SAP faces a major communications battle with its UK users. The issue became apparent from the opening session of the SAP UK and Ireland User group conference in Birmingham today.
Opening the conference, user group chairman Philip Adams welcomed the appointment of SAP UK's new UK MD Cormac Watters, a former CIO, and praised the fact Watters met with the UK user group leaders on his second day in office.
But both Adams and Watters highlighted the challenge ahead.
Adams praised changes to SAP licensing around personas and its Fiori interface, as a result of pressure from user groups around the world and then shared the results of a survey that revealed real issues around the pace of innovation from SAP and the perceived lack of support and information from the company.
His points were reinforced by the new SAPUK MD, who told conference delegates that on day one in his job he asked what SAP was doing for its existing customers and found he, as a former CIO, had no knowledge of a key part of SAPs strategy - its cloud extension policy.
"I felt nave, but it was not my fault, it was SAP's fault," said Watters.
He promised to try and drive SAP UK closer to customers and partners and to get account executives to communicate better with customers the rights and offers that exist with the products and support packages they have purchased.
Barrier to innovation
The user group survey highlighted the challenges its members face and which Watters must address. Some 74 percent of SAP users said that the company is bringing innovations to market they would like to adopt much quicker than their organisational ability to do so.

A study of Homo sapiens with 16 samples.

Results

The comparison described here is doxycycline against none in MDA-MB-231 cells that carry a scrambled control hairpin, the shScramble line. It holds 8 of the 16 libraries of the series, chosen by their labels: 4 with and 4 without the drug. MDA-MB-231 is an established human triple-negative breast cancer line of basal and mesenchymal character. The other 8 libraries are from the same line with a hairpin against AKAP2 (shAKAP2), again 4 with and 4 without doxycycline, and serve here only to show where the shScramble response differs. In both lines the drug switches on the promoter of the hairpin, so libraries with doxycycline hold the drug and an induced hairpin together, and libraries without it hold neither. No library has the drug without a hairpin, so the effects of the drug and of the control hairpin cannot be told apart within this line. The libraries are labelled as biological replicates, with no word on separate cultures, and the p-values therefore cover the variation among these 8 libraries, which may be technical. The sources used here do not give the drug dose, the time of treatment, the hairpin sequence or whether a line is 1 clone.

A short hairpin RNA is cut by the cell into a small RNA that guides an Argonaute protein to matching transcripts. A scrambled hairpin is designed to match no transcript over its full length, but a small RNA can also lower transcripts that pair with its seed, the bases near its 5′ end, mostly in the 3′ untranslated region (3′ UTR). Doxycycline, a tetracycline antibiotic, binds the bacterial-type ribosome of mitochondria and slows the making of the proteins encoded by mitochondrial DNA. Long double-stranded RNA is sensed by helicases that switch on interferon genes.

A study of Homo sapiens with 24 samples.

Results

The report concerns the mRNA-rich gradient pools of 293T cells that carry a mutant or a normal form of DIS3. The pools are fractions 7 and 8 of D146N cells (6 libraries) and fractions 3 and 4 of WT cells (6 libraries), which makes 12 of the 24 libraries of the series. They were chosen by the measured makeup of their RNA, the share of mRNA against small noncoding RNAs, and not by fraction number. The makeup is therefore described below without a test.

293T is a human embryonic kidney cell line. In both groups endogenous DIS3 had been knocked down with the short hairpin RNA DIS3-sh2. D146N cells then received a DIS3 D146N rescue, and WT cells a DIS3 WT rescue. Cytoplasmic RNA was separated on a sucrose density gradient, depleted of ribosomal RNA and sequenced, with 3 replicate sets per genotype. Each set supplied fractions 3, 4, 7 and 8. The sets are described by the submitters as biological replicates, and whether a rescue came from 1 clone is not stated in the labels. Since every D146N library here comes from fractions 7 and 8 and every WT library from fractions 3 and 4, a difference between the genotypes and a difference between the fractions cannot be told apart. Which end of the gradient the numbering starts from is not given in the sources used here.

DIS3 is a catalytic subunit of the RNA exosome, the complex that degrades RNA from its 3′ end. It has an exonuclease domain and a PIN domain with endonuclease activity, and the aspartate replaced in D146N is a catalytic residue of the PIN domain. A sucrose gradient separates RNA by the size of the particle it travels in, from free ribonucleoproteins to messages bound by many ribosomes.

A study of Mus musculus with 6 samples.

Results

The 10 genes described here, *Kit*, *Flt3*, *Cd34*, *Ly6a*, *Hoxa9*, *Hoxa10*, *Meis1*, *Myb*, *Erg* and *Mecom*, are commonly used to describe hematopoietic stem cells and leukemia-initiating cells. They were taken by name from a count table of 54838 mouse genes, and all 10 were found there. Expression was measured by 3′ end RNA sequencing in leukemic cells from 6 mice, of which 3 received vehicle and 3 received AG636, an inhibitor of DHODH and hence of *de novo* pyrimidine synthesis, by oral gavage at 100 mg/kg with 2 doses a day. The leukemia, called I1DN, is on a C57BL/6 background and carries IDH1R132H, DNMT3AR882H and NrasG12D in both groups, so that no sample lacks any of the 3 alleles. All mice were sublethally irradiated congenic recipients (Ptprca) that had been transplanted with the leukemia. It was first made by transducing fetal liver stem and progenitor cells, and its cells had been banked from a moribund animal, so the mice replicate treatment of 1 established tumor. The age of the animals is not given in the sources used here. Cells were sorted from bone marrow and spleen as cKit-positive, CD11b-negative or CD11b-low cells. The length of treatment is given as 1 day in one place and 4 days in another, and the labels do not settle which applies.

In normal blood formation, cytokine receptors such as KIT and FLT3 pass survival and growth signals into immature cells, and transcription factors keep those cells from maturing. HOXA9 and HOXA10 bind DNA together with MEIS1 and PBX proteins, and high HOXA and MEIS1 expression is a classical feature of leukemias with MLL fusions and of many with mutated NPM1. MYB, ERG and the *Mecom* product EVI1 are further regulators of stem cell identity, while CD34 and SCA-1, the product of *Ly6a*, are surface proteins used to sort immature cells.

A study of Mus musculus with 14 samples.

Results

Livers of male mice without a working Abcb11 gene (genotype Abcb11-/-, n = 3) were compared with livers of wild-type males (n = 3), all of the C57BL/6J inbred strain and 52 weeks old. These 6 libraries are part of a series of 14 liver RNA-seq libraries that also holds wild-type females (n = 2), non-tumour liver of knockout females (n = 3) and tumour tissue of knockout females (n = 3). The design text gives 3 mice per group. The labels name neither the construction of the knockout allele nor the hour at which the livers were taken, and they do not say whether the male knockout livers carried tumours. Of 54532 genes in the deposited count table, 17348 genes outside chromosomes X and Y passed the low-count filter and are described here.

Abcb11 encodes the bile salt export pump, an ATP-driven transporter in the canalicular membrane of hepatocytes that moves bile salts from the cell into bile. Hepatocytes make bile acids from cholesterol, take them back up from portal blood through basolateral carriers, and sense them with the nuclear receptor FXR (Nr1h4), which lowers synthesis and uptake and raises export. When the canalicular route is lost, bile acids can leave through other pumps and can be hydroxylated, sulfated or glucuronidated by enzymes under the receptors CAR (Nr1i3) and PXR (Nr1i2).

Barriers to adopting innovations from SAP include lack of business case (71 percent), licencing/subscription costs (69 percent), and migration and implementation costs (54 percent) were cited as the biggest obstacles. In addition, four out of 10 respondents noted the need to get more value from their existing SAP investments.
Many of these issues were not unique to SAP - the survey found similar levels of frustration with other enterprise software providers.
But the challenge for SAPUK was highlighted when 51 percent of respondents to the user group survey said that the SAP representatives they currently deal with don't have sufficient knowledge about their business to help them with adopting innovation.
"We know SAP has these experts in the company," said Adams. "We need to hear them."
The figures from the user group survey contrasted with those presented to the conference from SAP's own customer satisfaction surveys, with Guy Armstrong, chief operating officer of SAP's UK and Ireland operation, saying customers noted a 19 percent improvement in the ease of doing business with SAP over the last year.